Modeling In Science: K-2


The kindergartners in Kaia Tomokiyo’s class at Southern Heights Elementary School in Seattle, Washington, are seeking to understand how a puddle on the grass appears and disappears over the course of a day. Fallon King’s first and second graders at Cedarhurst Elementary School in Burien, Washington, are exploring how one apple tree works with its ecosystem to create another apple tree a distance away from itself.

The Next Generation Science Standards (NGSS) have high expectations and set a new bar for how students engage with science in the early grades. NGSS focuses not only on students learning content, but more centrally on students engaging in scientific practices, such as modeling and developing evidence-based explanations, participating in and learning about what scientists do as they create and refine scientific knowledge.

The overview video describes scientific modeling in these classrooms and how to support the revision of students’ ideas over time.

The strategy videos tackle two important questions teachers have asked while engaging young learners in scientific modeling. The videos highlight specific approaches that Kaia and Fallon found productive for supporting students’ scientific work, but these approaches are by no means exhaustive — we hope to learn together as you try variations to support the students in your classrooms!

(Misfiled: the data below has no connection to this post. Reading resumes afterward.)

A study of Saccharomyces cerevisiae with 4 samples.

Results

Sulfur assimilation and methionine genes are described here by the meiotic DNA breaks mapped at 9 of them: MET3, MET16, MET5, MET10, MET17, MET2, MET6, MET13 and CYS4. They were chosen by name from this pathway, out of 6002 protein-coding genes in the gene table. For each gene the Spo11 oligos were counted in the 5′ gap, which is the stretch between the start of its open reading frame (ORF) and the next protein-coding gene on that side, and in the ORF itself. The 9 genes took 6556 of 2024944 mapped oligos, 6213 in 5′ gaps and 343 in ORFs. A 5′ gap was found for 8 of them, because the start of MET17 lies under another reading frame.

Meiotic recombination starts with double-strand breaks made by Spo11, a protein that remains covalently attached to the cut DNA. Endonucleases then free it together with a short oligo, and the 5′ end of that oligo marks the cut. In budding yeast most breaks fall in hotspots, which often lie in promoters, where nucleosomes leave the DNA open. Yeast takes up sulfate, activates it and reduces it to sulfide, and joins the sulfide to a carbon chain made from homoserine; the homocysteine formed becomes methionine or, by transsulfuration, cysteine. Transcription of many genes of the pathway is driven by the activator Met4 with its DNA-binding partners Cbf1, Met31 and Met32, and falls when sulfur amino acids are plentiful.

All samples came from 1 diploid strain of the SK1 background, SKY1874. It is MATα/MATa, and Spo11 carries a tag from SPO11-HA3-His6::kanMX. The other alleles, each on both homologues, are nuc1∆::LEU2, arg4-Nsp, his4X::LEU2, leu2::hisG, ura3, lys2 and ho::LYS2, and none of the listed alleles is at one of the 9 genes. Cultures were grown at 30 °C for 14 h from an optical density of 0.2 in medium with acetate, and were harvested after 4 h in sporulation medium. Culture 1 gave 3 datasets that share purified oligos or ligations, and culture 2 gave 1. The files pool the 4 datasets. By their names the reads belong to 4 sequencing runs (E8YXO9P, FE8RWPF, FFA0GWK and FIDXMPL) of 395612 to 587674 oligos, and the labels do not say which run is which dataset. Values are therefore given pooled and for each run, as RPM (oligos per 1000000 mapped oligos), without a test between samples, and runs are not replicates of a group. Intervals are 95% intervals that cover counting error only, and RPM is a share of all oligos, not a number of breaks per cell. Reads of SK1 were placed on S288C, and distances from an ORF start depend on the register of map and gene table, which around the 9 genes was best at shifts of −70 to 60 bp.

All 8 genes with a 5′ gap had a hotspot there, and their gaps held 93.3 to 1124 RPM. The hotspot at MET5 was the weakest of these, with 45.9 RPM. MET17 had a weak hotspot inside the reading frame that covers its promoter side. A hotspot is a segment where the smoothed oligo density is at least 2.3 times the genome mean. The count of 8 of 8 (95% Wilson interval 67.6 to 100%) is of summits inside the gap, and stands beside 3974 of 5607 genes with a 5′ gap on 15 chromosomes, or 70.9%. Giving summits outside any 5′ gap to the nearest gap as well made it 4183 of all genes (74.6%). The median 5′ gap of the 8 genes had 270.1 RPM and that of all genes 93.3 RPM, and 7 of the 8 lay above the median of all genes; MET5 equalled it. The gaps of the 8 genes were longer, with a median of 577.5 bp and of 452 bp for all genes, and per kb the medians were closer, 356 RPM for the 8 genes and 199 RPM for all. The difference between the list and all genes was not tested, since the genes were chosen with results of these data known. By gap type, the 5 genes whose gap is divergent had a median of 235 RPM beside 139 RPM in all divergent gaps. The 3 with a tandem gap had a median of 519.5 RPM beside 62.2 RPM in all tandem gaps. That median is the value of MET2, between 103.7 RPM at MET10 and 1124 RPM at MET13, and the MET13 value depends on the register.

In the first strategy video, we see students using share-outs and discussion spotlights to learn from each other. As you watch, think about how share-outs of models can be more than “show and tell.”

The second strategy video shows students engaging in an interactive read aloud. As you watch, think about how you can use informational texts to support scientific sense-making. Pay special attention to how students critique science ideas and representations from the books.

Let us know in the comments below what key features stand out to you about scientific modeling and supporting young students in this work, and how you’re using scientific modeling with your students.

Jessica Thompson is an Assistant Professor in the College of Education at the University of Washington. She studies how ambitious and equitable teaching practices can best be supported and scaled through networks of teachers, coaches, and education leaders.

Jen Richards is currently a Research Associate in the College of Education at the University of Washington, and partners with K-12 teachers to engage and support all students in participating in scientific practices and inquiry in the classroom. Her research focuses on how teachers responsively take up and pursue students’ ideas, and how classrooms interact with students’ developing ideas around scientific phenomena.